The long road to Heartbreak Hill

Michael Coyne offers some suggestions about self-portraiture to visual arts student Baden Cunning during a third-year painting class.Photo by Pamela Gill

Michael Coyne offers some suggestions about self-portraiture to visual arts student Baden Cunning during a third-year painting class.

Things you are likely to find in visual arts professor Michael Coyne’s office: tubes of paint, art books, brushes, running shoes.

Running shoes? Not the typical implement of choice for a visual artist at Sir Wilfred Grenfell College. But Mr. Coyne is not into shoe painting (if there is such a thing) — he is a marathon runner.

He said he never intended to run competitively in marathons. It wasn’t until 1997 that he laced up seriously. In fact, he still insists the main reason he runs is to give himself “time to think.”

“I started running to keep fit — I had no intention or ambition to race,” said Mr. Coyne, who came to Grenfell College in 1986 as the head of visual arts and took on the task of developing the visual arts program, which subsequently began in 1988.

Initially he began competing in small races like the seven-kilometre Corner Brook Fun Run, and quickly realized he’d found something he was really good at.

“The Fun Run in Corner Brook seemed relatively easy; I came in third, so I decided to train for a marathon,” he said.

Michael Coyne at the Boston Marathon
Michael Coyne at the Boston Marathon

Many kilometres later, he ran in the annual Ottawa marathon and qualified for the 2001 Boston Marathon.

Mr. Coyne points to the Boston Marathon as the high point in his running career since he took it up seriously in 1997.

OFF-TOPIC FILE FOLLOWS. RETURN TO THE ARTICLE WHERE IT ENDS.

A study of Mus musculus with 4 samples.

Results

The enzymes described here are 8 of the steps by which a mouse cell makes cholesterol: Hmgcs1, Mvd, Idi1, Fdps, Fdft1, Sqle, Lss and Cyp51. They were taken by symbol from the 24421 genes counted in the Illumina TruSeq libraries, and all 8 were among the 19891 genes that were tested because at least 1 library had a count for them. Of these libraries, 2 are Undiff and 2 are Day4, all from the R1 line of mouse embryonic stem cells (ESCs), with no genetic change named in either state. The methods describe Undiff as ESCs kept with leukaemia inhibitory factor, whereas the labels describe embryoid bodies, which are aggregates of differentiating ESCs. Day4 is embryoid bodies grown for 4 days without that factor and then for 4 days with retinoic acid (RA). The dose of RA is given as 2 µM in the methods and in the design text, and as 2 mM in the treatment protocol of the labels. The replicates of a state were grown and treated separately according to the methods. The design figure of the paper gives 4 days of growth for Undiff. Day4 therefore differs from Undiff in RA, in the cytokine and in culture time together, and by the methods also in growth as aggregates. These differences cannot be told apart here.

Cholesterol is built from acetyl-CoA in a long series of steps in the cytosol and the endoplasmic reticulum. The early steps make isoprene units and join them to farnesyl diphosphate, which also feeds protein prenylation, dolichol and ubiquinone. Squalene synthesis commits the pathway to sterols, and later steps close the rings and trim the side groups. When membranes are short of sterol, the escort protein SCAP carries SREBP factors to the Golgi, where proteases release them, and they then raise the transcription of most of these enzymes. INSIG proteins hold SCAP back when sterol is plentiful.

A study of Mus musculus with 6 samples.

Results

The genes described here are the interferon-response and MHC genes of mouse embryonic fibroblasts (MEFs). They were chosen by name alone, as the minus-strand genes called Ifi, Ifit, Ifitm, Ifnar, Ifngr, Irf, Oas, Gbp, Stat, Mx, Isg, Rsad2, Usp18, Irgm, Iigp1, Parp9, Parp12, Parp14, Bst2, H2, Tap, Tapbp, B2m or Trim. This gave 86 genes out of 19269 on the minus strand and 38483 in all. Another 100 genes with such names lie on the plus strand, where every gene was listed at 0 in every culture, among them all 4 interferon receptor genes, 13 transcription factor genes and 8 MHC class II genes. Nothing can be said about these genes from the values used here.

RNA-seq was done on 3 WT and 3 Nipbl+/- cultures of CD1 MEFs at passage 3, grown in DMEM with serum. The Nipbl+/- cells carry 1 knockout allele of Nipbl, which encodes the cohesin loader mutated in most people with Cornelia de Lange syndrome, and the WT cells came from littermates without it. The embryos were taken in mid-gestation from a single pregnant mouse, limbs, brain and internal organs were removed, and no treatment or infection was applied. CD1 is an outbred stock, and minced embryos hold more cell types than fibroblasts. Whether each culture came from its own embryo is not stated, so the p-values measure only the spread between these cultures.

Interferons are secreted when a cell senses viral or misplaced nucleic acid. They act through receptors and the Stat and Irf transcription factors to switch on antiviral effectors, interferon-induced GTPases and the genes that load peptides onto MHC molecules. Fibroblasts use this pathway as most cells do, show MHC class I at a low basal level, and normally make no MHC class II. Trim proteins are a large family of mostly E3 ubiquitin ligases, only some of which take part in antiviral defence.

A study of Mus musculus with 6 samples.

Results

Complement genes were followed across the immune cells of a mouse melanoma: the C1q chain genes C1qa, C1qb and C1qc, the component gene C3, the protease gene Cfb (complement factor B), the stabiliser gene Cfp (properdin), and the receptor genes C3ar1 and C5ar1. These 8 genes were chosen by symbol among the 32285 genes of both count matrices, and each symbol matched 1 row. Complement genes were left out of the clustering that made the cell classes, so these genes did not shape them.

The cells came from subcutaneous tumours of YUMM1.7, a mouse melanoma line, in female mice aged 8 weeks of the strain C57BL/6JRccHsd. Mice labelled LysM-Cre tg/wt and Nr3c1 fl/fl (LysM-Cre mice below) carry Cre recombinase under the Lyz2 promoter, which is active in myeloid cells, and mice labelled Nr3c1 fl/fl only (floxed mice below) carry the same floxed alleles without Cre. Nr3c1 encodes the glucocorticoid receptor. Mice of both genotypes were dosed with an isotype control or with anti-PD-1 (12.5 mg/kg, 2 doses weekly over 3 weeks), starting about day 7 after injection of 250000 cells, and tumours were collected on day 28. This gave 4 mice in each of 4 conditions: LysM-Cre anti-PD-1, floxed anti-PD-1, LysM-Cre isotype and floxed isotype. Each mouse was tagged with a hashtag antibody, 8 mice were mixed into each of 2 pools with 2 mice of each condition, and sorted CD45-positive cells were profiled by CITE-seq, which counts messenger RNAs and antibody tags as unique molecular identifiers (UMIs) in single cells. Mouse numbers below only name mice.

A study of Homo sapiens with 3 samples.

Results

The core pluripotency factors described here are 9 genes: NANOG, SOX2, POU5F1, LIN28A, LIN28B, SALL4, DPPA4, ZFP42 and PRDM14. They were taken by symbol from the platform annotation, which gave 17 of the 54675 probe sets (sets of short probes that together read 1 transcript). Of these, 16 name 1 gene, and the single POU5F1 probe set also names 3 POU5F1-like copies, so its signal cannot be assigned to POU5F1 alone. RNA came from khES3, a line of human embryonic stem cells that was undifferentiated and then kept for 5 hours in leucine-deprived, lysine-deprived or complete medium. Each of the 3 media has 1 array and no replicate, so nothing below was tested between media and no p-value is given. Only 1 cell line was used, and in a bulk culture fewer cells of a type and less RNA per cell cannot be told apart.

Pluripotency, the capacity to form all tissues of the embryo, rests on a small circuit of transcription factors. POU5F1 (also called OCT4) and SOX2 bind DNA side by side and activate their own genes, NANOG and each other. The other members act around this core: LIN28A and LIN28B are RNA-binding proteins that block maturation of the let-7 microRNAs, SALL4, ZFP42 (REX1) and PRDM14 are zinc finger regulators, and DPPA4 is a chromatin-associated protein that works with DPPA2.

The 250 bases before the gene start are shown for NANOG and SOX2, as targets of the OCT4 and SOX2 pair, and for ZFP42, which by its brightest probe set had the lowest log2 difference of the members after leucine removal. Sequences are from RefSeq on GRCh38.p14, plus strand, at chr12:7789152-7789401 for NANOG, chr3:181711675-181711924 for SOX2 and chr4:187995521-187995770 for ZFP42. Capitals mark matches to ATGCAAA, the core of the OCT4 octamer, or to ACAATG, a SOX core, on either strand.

“It was both an honour and an incredible thrill to be part of the world’s oldest and most storied marathon,” he said. “Since I had run two half-marathons in 1:34, and ran my qualifying marathon in Ottawa in 3:26, I had originally set 3:20 as my goal. So I was not completely satisfied with my time of 3:50. But, all things considered, I was quite happy with the outcome.”

“All things considered” refers to a foot injury he suffered in March while on sabbatical in Florida. To allow the injury to heal, Mr. Coyne had done only two 20-minute runs in the five weeks leading up to the Marathon. The rest of his training was done in the pool.

“I wasn’t sure whether the foot would cause problems during the race so I was quite cautious and ran conservatively,” he said. “The pool running is good for cardiovascular maintenance, but will not work for tempo runs, intervals and hill training, at least not for me. The lack of road training in these areas affected my performance a fair bit. The Boston course has a lot of hills. You really need some solid hill training going into the race, especially when you hit the Newton Hills, the last of which is aptly named Heartbreak Hill.”

Of course, his sabbatical was about more than running and training — he actually produced a whopping 24 paintings titled The Florida Series. A landscape painter for 20 years, Mr. Coyne said these paintings are a departure from his usual creations. They can be viewed at A solo exhibition is being planned for February or March.

This term, he’s been busy teaching first-year two-dimensional design and third-year painting, but still aims to train regularly five days a week, mostly outdoors when the weather allows it.

Most recently he ran at the Valley Harvest Marathon in Kentville, Nova Scotia, on Thanksgiving Weekend and qualified for the Boston Marathon for 2002 and 2003 with a time of 3:28:15.

“It is addicting,” said Mr. Coyne. “The endorphins are like a drug. And it allows you to stay fit, and keeps you from becoming old and decrepit before your time. Running is a good stress reliever and it teaches you self-discipline.”